17 Feb Regulating Water Pressure in Your Home
Opinions differ on water pressure. What some may think is a powerful stream of water can seem like just a drip to others. However, the fact of the matter is, there is an optimal water pressure that all homeowners should shoot for—50 psi—that will ensure your home’s appliances, pipes and taps stay healthy for the foreseeable future. Fortunately, there are not only ways for homeowners to measure their own water pressure, but also ways to increase or decrease their water pressure with the help of a plumbing professional. And in Hawaii, certain factors need to be considered before changing your home’s water pressure, such as plumbing codes, where you are on the Oahu and your proximity to water pumping stations.
How to Measure your Water Pressure
Measuring your own water pressure is something every homeowner can—and should—do. You will need a water pressure gauge—most cost under $15 at any major home improvement store, like Home Depot—and access to a tap. (Like a hose bib outside or a laundry sink faucet will work.) Secure the pressure gauge to your tap and turn it on fully. Check the gauge reading to see what the water pressure of your home is, with the acceptable range of pressure being anywhere between 40 to 60 psi. If you have a water pressure below 30 psi, that could be a possible signal that your home has a leak, and incoming water pressure has to be under 80 psi in Hawaii according to the Uniform Plumbing Code (UPC) on Oahu, and for reasons we’ll dive in to later in the article.
How to Increase your Water Pressure
Ideally, you want your water pressure to be 50 psi. That is in accordance to the UPC on Oahu and Hawaii for water pressure in residential homes, and if your water pressure is under that mark, it’s time to consider getting a licensed plumber to help troubleshoot your issue. However, there are things you can do yourself to increase your water pressure.
Low Showerhead Pressure
If you notice you have lower water pressure coming from your shower, it’s possibly time to consider cleaning your shower head. Simply remove the shower head from the tap and give it a thorough rinse and scrubbing. If the water pressure is still low, you can also replace the entire shower head, which will be free of any limescale and have a new hose. Cleaning your taps as well could be a possible solution to your low psi. However, if none of these DIY methods work, there could be a larger problem such as a leak in your pipes or possibly an issue with your regulator.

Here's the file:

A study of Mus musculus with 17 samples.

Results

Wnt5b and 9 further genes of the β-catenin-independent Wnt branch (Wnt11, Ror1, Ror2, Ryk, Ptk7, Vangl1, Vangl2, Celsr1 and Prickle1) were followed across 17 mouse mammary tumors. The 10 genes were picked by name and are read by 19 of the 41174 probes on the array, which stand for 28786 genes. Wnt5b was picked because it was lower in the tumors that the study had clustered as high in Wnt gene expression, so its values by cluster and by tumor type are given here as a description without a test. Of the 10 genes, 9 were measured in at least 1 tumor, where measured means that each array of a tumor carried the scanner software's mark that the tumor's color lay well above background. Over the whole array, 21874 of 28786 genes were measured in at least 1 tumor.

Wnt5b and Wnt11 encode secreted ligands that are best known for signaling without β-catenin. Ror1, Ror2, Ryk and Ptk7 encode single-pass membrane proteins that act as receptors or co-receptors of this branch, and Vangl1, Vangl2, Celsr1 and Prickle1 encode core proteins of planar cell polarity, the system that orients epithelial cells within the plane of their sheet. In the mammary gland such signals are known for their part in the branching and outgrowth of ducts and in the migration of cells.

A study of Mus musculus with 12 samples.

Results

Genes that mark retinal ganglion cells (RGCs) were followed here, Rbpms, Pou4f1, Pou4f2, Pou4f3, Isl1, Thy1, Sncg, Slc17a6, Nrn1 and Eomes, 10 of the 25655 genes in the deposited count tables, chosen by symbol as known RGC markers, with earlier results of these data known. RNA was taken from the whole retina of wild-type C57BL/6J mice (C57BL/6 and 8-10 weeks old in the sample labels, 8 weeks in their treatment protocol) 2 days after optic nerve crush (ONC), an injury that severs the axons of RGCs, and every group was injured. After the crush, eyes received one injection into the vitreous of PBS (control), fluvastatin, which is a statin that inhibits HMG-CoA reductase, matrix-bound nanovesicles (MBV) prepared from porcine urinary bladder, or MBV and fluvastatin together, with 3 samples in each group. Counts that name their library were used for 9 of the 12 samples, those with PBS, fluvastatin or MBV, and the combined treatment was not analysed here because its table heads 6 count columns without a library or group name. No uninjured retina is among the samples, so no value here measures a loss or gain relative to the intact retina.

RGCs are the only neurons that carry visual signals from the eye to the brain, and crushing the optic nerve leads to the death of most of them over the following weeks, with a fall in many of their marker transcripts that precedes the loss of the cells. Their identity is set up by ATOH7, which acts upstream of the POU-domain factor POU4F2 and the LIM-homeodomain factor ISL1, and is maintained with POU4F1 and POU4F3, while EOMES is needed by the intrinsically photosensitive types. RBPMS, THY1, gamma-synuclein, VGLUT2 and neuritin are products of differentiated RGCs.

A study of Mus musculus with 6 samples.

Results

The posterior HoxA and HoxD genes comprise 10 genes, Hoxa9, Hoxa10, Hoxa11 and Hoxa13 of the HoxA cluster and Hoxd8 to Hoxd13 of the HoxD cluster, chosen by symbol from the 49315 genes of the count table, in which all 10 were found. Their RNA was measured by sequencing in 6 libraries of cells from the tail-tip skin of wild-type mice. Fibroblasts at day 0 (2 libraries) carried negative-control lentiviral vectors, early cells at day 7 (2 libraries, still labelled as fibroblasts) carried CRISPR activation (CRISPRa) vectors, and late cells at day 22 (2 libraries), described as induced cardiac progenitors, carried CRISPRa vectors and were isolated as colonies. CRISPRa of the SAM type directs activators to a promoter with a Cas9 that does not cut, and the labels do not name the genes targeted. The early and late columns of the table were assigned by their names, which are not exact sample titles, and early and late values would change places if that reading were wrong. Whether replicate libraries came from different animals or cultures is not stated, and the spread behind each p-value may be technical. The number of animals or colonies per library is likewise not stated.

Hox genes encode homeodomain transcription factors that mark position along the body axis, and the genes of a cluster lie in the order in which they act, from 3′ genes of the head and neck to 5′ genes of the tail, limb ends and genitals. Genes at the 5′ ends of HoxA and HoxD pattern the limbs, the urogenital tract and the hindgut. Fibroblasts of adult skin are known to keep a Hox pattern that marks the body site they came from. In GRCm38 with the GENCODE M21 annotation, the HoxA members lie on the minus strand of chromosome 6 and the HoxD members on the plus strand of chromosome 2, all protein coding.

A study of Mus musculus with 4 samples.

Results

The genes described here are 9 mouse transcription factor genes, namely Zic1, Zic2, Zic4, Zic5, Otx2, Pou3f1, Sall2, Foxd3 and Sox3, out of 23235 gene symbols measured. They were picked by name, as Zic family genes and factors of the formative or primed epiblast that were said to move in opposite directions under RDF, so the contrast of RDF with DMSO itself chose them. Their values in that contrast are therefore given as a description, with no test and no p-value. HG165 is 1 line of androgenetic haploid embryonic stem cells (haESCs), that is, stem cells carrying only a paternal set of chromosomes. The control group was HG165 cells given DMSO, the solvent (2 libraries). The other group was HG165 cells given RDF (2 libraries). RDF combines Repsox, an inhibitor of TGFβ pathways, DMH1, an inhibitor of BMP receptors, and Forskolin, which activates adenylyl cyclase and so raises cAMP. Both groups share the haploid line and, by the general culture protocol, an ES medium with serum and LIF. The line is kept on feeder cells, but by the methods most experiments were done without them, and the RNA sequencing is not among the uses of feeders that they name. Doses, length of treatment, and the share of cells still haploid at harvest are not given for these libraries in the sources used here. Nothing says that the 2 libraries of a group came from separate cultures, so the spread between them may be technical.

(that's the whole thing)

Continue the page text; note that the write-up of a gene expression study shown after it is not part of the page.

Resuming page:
How to Decrease your Water Pressure
If you notice the water pressure in your home is too high—exceeding the 50 psi benchmark—then it’s time to call a plumber to take a look at your water pressure regulator. A water pressure regulator—also known as a pressure-reducing valve, or PRV—is the unit that diminishes the amount of water pressure homes get from the system’s main water line, which is considerably higher than 50 psi.
Higher Pressure Near Water Pumping Stations
However, if your home is located near a water pumping station, you’ll actually need two PRVs to fully combat the high amount of water pressure in your main line, bringing it down to an operable level. This is not a do-it-yourself job, and you’ll want a licensed plumber on property to handle the issue. There are also different grades of water pressure regulators, so while you may not need to add another to your system, your current one could possibly have to be replaced to reduce the psi to the optimal 50 units.
The Issues With Excess Water Pressure
Having an excess of water pressure in your home—over 80 psi—can lead to numerous faults and problems in your plumbing system. These include, but are not limited to, leaky pipes, broken seals on the end of pipes, appliances breaking or creating loud, clanging noises and even higher water bills.
535 Plumbing – Your Water Pressure Experts
If you live on Oahu and are in need of a licensed plumber, choose 535 Plumbing for the job! Our team of professional Oahu plumbers are highly skilled and our excellent customer support representatives will work with you to schedule your appointments at a time you most convenient. Learn more and schedule an appointment by calling (808) 300-0535, or Visit Our Contact Us Page. Mahalo!